30 janv. 2018
The power of the personal
Love your people
The first memorable message was from headline speaker Richard Branson. The outstanding personal quality that comes through from his book, Losing My Virginity, is his perseverance. He just never gave up on any idea he believed in. This was obvious from his first venture at 16, and he has shown it time and again.
Equally, he stands by his people. His standout message for company heads and entrepreneurs was to ensure that everyone in their organisations feels empowered.
So, once a Virgin venture reaches 100 employees, he splits it into two and appoints a managing director to lead each. This avoids top-heavy layers of management, helps people to feel important and involved and allows leaders to be closely tuned to the people on the front line.
Like the feeling
I have long admired psychologist, Dr Martyn Newman, who has taken the tenets of emotional intelligence pioneered by Daniel Goleman and made them his own.
His clarity on identifying the skill sets that will best serve you in fulfilling your personal potential and business goals made for compelling listening.
Backed by consistent evidence from behavioural science studies, he also knows that valuing and empowering people in your organisation is the biggest asset a leader can have.
“People will work well for you in direct proportion to how much they like you. And they will like you in direct proportion to how you make them feel.”
If Martyn Newman’s Emotional Intelligence Sports Inventory, designed to measure how EQ supports elite performance, was applied to his co-speaker, ex-Irish international rugby captain Paul O’Connell, he’d top the charts.
Paul claims he still hasn’t found the same sense of purpose off the pitch that he had as a rugby player. But the core qualities that held him at the top in his sporting career will always support him, whatever path he chooses.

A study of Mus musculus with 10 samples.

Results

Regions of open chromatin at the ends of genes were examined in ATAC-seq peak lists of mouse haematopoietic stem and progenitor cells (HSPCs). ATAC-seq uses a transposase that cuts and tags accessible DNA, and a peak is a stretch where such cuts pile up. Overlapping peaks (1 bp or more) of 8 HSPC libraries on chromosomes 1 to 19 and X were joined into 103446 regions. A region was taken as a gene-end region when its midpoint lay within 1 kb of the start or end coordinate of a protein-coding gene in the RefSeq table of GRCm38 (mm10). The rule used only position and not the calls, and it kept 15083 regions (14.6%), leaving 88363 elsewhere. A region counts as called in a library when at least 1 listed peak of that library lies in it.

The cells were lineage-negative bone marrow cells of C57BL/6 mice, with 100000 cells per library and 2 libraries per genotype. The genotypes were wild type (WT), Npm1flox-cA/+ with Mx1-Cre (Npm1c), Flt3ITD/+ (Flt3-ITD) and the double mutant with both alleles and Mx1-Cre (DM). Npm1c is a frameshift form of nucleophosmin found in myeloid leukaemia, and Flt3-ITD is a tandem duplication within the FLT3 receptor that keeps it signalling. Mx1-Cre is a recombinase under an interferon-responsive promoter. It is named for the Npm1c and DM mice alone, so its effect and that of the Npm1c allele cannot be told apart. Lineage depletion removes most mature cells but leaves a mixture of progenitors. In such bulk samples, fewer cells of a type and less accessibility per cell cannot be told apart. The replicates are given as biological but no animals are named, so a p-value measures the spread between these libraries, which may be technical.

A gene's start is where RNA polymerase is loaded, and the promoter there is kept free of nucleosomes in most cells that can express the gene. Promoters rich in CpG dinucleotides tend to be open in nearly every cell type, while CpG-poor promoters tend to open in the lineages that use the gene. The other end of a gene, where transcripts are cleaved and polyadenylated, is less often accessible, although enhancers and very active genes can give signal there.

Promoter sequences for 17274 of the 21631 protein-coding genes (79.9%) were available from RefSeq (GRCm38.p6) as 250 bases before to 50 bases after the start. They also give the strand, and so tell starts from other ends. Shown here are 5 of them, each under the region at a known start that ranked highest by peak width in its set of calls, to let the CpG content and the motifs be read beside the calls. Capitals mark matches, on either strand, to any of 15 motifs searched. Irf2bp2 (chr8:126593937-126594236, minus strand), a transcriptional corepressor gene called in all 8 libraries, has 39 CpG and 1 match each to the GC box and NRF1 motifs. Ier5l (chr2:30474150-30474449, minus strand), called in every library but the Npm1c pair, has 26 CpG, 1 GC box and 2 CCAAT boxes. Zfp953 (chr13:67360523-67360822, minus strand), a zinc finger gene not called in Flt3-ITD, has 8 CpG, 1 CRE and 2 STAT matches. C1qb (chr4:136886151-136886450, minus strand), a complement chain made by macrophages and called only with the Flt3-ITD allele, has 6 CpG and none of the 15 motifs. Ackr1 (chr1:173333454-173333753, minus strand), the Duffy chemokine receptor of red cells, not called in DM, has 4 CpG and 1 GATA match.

Sports psychologist Bob Rotella, the former mental coach to golfing superstar Padraig Harrington, drew comparisons between CEOs and great sporting achievers like Paul.
He says that to separate yourself from good to great means being an everyday person. It means showing up every day in a great mindset, prepared to practice your skills without fail, even when it’s hard. It means loving and embracing a challenge, unstoppable and unflappable.
The power of passion
Baroness Michelle Mone OBE stands out more than most. Her down-to-earth, open and sincere personal brand immediately reels listeners in.
She is a master of looking forward positively and knows that passion for what you do is essential to keep your drive alive. It was heartening to hear her gratitude to Ireland’s Margaret Heffernan of Dunnes Stores, one of the first to stock her Ultimo lingerie line.
Bringing it home
I left Pendulum with a deeper understanding of just how personal motivations can directly affect professional performance.
For me, it brought home the twin lessons: follow what you’re passionate about, and, along the way, look for ways to help everyone you engage with, anywhere, feel good.
Certainly, both are powerful, positive thoughts for the year ahead, for business, and for life.